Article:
A FORMER addict who began taking drugs aged 11 has turned his life around and is now clean.

Chris Crompton said he could not go four hours without using substances and had lost all his skills - as well as friends and family.

The 39-year-old sought help from The Well in Barrow after spells inside mental health units.

And now he has recovered and wants to use his experiences to help others in similar situations.

He said The Well, a drug and alcohol rehabilitation charity which he joined in March 2018, helped give him the skills and confidence he needs to thrive and succeed in the world without drugs.

After a successful 33 months rehabilitation programme, he has now returned to his hometown of Wigan, a place he left at the age of 19 for Liverpool due his addiction issues.

The Marsh Green resident said The Well instilled in him a routine and gave him practical life skills, such as cooking and cleaning, which were needed to get by on his own without being dependent on heroin and crack.

“I started using substances at the age of 11 due to childhood traumas,” he said. “I used them to block this out and to help me fit in with the other kids.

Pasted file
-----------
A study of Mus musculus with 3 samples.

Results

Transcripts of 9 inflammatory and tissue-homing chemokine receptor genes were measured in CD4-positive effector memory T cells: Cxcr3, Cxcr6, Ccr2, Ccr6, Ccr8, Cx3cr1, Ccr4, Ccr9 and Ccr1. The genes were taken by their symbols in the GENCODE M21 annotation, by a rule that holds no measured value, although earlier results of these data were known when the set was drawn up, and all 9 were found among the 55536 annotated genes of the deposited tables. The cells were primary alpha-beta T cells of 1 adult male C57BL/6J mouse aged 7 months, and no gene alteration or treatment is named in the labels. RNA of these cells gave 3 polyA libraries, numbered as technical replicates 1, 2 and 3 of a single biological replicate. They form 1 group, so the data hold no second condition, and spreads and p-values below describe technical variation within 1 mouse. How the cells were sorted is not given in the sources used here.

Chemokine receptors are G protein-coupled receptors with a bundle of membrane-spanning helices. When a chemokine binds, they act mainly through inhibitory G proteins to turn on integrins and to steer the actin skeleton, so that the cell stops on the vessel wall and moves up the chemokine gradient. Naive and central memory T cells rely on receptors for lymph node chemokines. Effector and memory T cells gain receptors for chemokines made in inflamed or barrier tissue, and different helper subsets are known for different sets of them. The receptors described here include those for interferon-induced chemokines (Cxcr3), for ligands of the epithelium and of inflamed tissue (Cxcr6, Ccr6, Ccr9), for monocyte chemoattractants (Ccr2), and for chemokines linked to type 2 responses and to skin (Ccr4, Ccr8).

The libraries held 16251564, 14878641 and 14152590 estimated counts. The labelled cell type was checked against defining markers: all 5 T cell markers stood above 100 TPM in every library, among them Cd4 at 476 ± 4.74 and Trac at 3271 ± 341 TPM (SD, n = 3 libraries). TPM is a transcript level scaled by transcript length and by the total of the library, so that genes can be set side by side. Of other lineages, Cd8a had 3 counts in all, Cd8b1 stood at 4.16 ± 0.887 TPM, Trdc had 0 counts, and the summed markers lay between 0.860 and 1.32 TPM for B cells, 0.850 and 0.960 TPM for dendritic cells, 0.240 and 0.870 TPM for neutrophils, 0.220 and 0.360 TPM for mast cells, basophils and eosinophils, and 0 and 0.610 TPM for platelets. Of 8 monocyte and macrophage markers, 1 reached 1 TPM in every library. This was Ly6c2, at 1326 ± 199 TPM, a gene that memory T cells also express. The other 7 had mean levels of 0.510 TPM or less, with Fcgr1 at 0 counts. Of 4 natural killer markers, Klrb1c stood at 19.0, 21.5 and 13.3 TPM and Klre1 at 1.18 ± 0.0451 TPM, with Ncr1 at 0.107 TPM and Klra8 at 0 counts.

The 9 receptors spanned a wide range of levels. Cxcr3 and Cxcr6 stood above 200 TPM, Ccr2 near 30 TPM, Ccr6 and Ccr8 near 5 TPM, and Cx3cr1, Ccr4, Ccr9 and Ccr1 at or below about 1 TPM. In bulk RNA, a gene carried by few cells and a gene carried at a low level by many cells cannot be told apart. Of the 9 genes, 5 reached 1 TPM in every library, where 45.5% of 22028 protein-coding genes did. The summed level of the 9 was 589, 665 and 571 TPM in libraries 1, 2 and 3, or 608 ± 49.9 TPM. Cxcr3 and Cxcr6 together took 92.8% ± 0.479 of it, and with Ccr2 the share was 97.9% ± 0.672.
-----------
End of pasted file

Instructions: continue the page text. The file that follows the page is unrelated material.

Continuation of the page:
“By the age of 27 I couldn’t go four hours without using.

“I cut my family out, my friends out, and lost all my life skills.

“I had a lot of mental health issues because of this as well.

“Every time I came out of a mental health unit I would start using again. It kept happening again and again.

“Later on, I was referred to The Well in Barrow.

“The recovery there was challenging I won’t lie, they made me look at myself on a deeper level, and I didn’t like the person I was looking at.

“They gave me confidence, support, and self-worth.

“I became a better person because of it.”


He went back into education and earned a Level 2 in social work, completed recovery coach training as well as first aid training, and now he is currently training in counselling.

His main goal for the future is to help people who are in the same position he was.

“When I was taking crack and heroin, it was making me suicidal,” said Mr Crompton.

“It just makes me grateful for where I am now and I want to help others who are in the same position I was.

“I am connected with my family, friends, and emotions again.

“My 16-year-old daughter Katelyn has seen me go through it all.

“We had a heart to heart recently. She was saying I now have a better dad than I ever had before.”

He said that recent traumas of a relationship breakdown and his brother’s death would have led him to using again previously but was proud to have got through that clean with the help again from The Well.

He is now a trusted member of his family again and is reconnected with his mum and dad. However, he said he would not change his past as it has made him the man he is today.